By CBSLA Staff

LOS ANGELES (CBSLA) —With healthcare staff overwhelmed amid this most recent COVID-19 surge, hospitals around the Southland are canceling elective surgeries, everything from joint replacements to gallbladder surgeries this week.

“It’s literally a challenge finding a warm body because there are so many out sick and unavailable to work,” said senior vice president and CSO at Methodist Hospital, Clifford Daniels.


“We have a 26-bed ER here at Methodist hospital and there were I believe something upwards of 90 patients in the ER waiting to be admitted (and) treated,” Daniels said. “The real thing I’ve never seen before… was there were 12 ambulances stacked outside the ER waiting to drop patients off. We had no room. They were just waiting there.”

In need of help, the hospital took a step that many hospitals in Los Angeles County were taking and canceled all elective surgeries, at least 50 operations, in order to free up employees.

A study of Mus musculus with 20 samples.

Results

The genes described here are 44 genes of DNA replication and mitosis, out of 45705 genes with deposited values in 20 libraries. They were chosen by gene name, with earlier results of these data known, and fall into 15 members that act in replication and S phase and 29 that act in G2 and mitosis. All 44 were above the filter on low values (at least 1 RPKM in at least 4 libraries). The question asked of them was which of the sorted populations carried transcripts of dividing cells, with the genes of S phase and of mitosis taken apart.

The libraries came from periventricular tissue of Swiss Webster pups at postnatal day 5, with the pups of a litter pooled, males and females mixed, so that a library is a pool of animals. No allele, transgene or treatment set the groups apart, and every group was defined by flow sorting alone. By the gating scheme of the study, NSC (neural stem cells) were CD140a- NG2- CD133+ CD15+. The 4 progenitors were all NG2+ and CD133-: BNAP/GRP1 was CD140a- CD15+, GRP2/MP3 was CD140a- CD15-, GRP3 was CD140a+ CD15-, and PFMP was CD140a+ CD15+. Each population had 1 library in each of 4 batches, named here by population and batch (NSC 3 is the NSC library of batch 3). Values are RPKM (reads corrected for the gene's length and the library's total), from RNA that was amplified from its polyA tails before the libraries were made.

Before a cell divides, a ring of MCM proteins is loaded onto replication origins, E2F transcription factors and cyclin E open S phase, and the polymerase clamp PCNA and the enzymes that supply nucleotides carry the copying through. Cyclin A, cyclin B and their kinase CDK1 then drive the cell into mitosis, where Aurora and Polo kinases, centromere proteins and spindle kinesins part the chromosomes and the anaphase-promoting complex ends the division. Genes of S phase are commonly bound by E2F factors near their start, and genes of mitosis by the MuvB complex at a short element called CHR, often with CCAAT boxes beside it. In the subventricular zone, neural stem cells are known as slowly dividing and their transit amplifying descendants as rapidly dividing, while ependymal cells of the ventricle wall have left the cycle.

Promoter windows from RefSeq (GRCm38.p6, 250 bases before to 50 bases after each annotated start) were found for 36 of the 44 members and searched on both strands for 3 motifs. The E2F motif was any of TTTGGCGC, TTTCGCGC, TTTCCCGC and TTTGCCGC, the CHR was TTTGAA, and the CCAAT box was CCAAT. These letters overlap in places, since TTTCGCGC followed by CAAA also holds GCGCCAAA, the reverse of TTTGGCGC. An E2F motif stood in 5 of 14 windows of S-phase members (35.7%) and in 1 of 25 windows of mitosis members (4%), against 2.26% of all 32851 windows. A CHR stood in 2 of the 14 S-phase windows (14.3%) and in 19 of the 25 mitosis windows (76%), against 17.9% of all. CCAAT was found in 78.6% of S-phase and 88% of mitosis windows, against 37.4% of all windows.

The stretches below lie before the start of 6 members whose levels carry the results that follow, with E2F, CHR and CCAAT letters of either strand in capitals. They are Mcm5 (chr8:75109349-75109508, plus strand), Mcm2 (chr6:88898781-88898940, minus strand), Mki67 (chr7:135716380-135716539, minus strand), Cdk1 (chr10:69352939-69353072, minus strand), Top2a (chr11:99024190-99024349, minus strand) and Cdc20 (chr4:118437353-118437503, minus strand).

“It allows us to redeploy nurses that would have been doing surgery, to other areas of the of the hospital,” Daniels said.

Memorial Hospital in Gardena followed suit, also canceling elective surgeries while Coast Hospital Plaza only postponed some.


“For the first time my 50 years I’ve been thinking ‘Maybe it’s time to get out,'” said respiratory therapist Gisella Thomas. “This is absolutely, absolutely ridiculous. This is asinine.”

Thoms is concerned for the well-being of herself and her coworkers and said it directly contradicts the very premise of health care.

“Now you don’t even know if the person you’re working with is COVID positive and maybe spreading it,” she said. “Why are you doing this to us healthcare workers. We were heroes and now we are COVID carriers.”

When asked about the confusion caused by this policy, Gov. Gavin Newsom did not directly answer the question and referred to the state’s successful track record of responding to various waves of the pandemic.

“Omicron variant creates different stresses…Different challenges,” he said.